TDW Offshore Services AS has completed an innovative low-pressure isolation operation on an export pipeline riser in the North Sea. The work results from a 2007 incident when a passing vessel collided with the southeast face of a satellite platform jacket, damaging the 12-inch export riser.
Production from the platform was immediately shut-in via the emergency shutdown valves, leaving the pressure in the pipeline at 4 barg.
Before production could resume, the operator needed to repair the riser. The objective was to cut and remove the damaged riser section, replacing it with a new one. TDW Offshore Services was retained to formulate a low-pressure isolation solution to isolate the damaged section of the pipeline riser from the export pipeline gas inventory. By doing so, the damaged riser section and associated topside pipework production system could be replaced safely.
TDW developed a solution using its range of pipeline pigging, pig tracking and remote communications technology. The approach involved using multiple high-friction pigs to seal off and replace the damaged riser section and pipework. The solution consisted of the following elements:
- A custom-designed TDW pig trap and pigging spread.
- A high-friction pig train furnished with the SmartTrack™ remote tracking and pressure-monitoring system.
- A SmartTrack subsea remote tracking and pressure-monitoring system.
- A SmartTrack topside tracking and monitoring system with radio link to the dive-support vessel.
- A pipeline isolation ball valve.
Last August, TDW used its remote-controlled SmartTrack technology to isolate the damaged riser section from the gas inventory in the export pipeline without venting or flooding the pipeline, or displacing the pipeline inventory. A three-module high-friction pig train created an isolation against the gas pressure in the pipeline. The first step was to verify and record the pipeline inventory gas pressure, close and isolate the Emergency Shut Down Valve (ESDV) 050. The redundant topside pipework located upstream of the ESDV was removed and a temporary spool and 12-inch valve were installed upstream of the ESDV. Leakage over the ESDV was monitored closely with a view to minimizing pressure build-up in the spool.
Using the pig trap and pigging pump, the high-friction isolation pig train (HFIPT) was launched and pigged with water to the pre-determined isolation position within a straight spool section of the vertical riser. Using TDW’s remote-tracking technology, technicians on the dive support vessel (DSV) tracked the position of each pig to verify that the HFIPT was located below the damaged section of riser that was designated for replacement.
Communication skids were positioned over the three pigs and connected to the pig-monitoring system. TDW could monitor the downstream pressure of each isolation pig continuously throughout the operation using its innovative “through pipe wall” communications technology that makes it possible to send isolation-integrity data by radio link to a dive-support vessel.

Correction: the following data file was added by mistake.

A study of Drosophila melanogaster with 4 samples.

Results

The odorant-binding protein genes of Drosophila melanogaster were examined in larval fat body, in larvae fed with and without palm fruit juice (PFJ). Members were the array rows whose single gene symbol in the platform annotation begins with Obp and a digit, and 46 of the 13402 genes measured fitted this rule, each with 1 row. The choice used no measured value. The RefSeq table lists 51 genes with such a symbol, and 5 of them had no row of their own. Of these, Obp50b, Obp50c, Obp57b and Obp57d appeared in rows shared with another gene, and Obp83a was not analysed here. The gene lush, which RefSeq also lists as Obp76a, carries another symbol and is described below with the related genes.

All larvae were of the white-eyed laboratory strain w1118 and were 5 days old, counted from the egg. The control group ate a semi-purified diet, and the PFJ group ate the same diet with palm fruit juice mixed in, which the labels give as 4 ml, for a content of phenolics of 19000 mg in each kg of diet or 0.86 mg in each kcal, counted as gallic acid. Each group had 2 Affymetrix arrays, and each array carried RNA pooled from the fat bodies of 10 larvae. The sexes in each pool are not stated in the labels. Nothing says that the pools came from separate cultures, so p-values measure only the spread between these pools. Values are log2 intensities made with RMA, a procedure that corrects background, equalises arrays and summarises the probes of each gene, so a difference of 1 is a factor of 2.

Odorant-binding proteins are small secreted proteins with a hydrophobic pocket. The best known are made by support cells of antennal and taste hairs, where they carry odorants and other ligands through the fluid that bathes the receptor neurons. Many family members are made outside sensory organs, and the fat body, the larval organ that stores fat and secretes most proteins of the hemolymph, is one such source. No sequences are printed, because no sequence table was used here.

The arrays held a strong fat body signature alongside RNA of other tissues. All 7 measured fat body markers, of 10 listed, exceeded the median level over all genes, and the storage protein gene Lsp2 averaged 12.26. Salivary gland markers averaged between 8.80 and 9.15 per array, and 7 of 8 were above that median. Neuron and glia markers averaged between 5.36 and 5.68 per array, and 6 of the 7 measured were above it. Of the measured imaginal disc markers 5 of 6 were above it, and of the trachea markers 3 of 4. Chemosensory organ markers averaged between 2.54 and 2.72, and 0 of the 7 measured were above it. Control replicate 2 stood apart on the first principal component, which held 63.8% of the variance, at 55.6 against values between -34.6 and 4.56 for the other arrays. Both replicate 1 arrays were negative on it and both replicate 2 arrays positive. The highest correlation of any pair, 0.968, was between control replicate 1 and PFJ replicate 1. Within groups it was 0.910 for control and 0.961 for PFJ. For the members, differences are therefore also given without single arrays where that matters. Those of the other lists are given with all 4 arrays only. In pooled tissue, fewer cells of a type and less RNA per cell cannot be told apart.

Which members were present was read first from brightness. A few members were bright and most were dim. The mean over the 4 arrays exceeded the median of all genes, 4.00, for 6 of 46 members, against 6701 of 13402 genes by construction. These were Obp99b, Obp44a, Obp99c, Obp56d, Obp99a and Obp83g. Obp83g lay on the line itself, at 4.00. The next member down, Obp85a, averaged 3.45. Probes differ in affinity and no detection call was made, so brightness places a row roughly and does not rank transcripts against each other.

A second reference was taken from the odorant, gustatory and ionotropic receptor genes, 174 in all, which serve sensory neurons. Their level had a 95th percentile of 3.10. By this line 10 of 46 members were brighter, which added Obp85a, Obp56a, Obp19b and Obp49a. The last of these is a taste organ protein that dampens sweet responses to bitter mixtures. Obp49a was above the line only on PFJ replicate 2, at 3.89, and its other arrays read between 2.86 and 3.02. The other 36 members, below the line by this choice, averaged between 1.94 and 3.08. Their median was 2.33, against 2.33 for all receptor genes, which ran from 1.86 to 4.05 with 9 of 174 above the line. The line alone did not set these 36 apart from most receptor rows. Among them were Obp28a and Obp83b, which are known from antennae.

The existing topside pipework was removed and replaced with new pipework. Divers were deployed from the DSV. The section was cut and removed using a crane onboard the DSV. A mechanical connector was locked onto the existing riser. The new riser was attached to a crane on the platform and lowered to rope-access workers who installed it on the topside pipework closing spool and to the existing riser located above the HFIPT.
Following installation of the new riser section, TDW verified the ESDV and new 12-inch valve were operating properly and fully open. After purging the riser and topside pipework, TDW used its pigging pump to slowly raise the water pressure to begin pigging the HFIPT downstream away from the platform to the launcher. The ESDV and 12-inch valve were then closed, and the pipeline gas inventory pressure was increased to keep the HFIPT moving forward. After all pigs were recovered in the temporary pig trap, the ESDV and new valve were closed. Using the platform crane and remotely operated vehicle, all pigging equipment was removed and the TDW crew demobilized. All offshore operations were carried out in 10 weeks.
By using its remote tracking and pressure-monitoring technology, TDW made it possible to repair the damaged riser while maintaining a continuous flow throughout the operation.
For TDW, this low-pressure isolation operation represented a milestone in terms of delivery and innovation. Globally, this operator is one of TDW’s primary customers in terms of using its high-pressure pipeline isolation services, onshore and offshore. The operation was the first time that TDW monitored pressure during a low-pressure pipeline riser isolation operation for this customer.